Common SQL Server Consulting Advice: Enabling Query Store

Captain, Captain


Third party monitoring tools are in rough shape these days. That’s all I’m gonna say about the situation. I get enough letters from lawyers on account of my BTS fanfic sites.

With that out of the way, let’s talk about something you can do to get a handle on which queries are having problems: Enable Query Store.

You can do that using this command:

ALTER DATABASE 
    [YourDatabase]
SET QUERY_STORE 
(
    OPERATION_MODE = READ_WRITE,
    MAX_STORAGE_SIZE_MB = 1024,
    QUERY_CAPTURE_MODE = AUTO
);

The reason I use this command specifically us because it will override some bad defaults that have been corrected over various service packs and cumulative updates.

You know what I hate doing? Stopping to look at which service packs and cumulative updates fixed certain Query Store defaults.

The important things that this script does is:

  • Turn on Query Store
  • Give it a decent amount of space to store data in
  • Not capture every single tiny little query that runs

What a nice setup.

Okay, Now What?


Once Query Store is enabled, assuming the goal is to track down and solve performance problems, the easiest way to start digging in is the GUI.

I usually go into Top Resource Consuming Queries, then look at what used the most average CPU over the last week.

SQL Server Query Store
cherry

This view won’t tell you everything of course, but it’s a good starting place.

Okay, But I Need More


The GUI itself right now doesn’t allow for much beyond showing you the top whatever by whatever for whenever. If you want to search through Query Store data for specific plan or query IDs, procedure names, or query text, you’ll need to use my free script sp_QuickieStore.

To get you started, here are a bunch of example commands:

--Get help!
EXEC dbo.sp_QuickieStore
    @help = 1;


--Find top 10 sorted by memory 
EXEC dbo.sp_QuickieStore
    @database_name = 'StackOverflow2013',
    @sort_order = 'memory',
    @top = 10;              


--Search for specific query_ids
EXEC dbo.sp_QuickieStore
    @database_name = 'StackOverflow2013',
    @top = 10,
    @include_query_ids = '13977, 13978';    


--Search for specific plan_ids
EXEC dbo.sp_QuickieStore
    @database_name = 'StackOverflow2013',
    @sort_order = 'memory',
    @top = 10,
    @start_date = '20210320',
    @include_plan_ids = '1896, 1897';

    
--Ignore for specific query_ids
EXEC dbo.sp_QuickieStore
    @database_name = 'StackOverflow2013',
    @top = 10,
    @ignore_query_ids = '13977, 13978';    


--Ignore for specific plan_ids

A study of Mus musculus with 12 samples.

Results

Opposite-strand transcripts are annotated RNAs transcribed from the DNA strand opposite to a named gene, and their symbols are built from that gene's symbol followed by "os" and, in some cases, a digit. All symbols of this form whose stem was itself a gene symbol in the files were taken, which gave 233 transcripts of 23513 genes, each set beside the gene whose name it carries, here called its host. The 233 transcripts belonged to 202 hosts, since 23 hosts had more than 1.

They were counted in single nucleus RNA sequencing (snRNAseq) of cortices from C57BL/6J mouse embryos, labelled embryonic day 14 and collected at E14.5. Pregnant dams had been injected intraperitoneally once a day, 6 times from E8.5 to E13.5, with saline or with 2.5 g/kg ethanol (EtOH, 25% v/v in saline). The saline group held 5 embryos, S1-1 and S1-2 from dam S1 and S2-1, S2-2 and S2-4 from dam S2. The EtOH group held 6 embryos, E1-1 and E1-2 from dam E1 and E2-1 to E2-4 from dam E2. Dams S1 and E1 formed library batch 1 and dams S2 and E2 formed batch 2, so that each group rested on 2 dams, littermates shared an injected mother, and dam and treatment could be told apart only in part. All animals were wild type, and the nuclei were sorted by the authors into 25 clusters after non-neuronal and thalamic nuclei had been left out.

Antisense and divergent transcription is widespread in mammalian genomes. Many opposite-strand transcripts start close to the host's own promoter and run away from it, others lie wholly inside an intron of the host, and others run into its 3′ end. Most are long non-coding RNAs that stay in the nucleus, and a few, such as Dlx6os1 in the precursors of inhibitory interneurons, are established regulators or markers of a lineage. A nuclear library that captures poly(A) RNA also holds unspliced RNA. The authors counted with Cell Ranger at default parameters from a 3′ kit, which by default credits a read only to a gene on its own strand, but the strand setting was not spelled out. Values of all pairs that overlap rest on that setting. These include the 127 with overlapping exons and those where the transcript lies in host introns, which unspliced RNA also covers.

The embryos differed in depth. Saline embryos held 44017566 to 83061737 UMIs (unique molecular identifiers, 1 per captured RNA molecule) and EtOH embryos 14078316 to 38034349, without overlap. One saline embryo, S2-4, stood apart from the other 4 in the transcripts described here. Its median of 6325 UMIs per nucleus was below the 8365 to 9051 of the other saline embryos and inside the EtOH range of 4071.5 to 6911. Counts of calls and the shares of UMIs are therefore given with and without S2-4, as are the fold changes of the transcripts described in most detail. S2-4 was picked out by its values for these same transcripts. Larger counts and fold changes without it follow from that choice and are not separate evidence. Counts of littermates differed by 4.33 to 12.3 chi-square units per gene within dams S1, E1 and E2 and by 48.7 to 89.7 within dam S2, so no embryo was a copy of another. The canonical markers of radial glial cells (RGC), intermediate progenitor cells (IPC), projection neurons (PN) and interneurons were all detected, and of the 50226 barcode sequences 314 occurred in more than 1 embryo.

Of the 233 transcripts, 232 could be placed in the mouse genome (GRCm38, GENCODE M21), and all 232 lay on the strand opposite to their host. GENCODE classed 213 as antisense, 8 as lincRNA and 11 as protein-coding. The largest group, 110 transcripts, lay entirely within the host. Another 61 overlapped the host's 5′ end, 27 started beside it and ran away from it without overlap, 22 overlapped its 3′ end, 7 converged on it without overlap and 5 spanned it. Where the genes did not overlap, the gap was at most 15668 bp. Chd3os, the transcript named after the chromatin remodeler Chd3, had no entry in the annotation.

EXEC dbo.sp_QuickieStore
    @database_name = 'StackOverflow2013',
    @sort_order = 'memory',
    @top = 10,
    @start_date = '20210320',
    @ignore_plan_ids = '1896, 1897'; 


--Search for queries within a date range
EXEC dbo.sp_QuickieStore
    @database_name = 'StackOverflow2013',
    @sort_order = 'memory',
    @top = 10,
    @start_date = '20210320',
    @end_date = '20210321';              


--Search for queries with a minimum execution count
EXEC dbo.sp_QuickieStore
    @database_name = 'StackOverflow2013',
    @top = 10,
    @execution_count = 10;


--Search for queries over a specific duration
EXEC dbo.sp_QuickieStore
    @database_name = 'StackOverflow2013',
    @top = 10,
    @duration_ms = 10000;


--Search for a specific stored procedure
EXEC dbo.sp_QuickieStore
    @database_name = 'StackOverflow2013',
    @procedure_name = 'top_percent_sniffer';   


--Search for specific query tex
EXEC dbo.sp_QuickieStore
    @database_name = 'StackOverflow2013',
    @query_text_search = 'WITH Comment'


--Use expert mode to return additional columns
EXEC dbo.sp_QuickieStore
    @database_name = 'StackOverflow2013',
    @sort_order = 'memory',
    @top = 10,
    @expert_mode = 1;              


--Use format output to add commas to larger numbers
EXEC dbo.sp_QuickieStore
    @database_name = 'StackOverflow2013',
    @sort_order = 'memory',
    @top = 10,
    @format_output = 1;


--Use wait filter to search for queries responsible for high waits
EXEC dbo.sp_QuickieStore
    @database_name = 'StackOverflow2013',
    @wait_filter = 'memory',
    @sort_order = 'memory';


--Troubleshoot performance
EXEC dbo.sp_QuickieStore
    @database_name = 'StackOverflow2013',
    @troubleshoot_performance = 1;


--Debug dynamic SQL and temp table contents
EXEC dbo.sp_QuickieStore
    @database_name = 'StackOverflow2013',
    @debug = 1;

Thanks for reading!

Going Further


If this is the kind of SQL Server stuff you love learning about, you’ll love my training. I’m offering a 75% discount on to my blog readers if you click from here. I’m also available for consulting if you just don’t have time for that and need to solve performance problems quickly.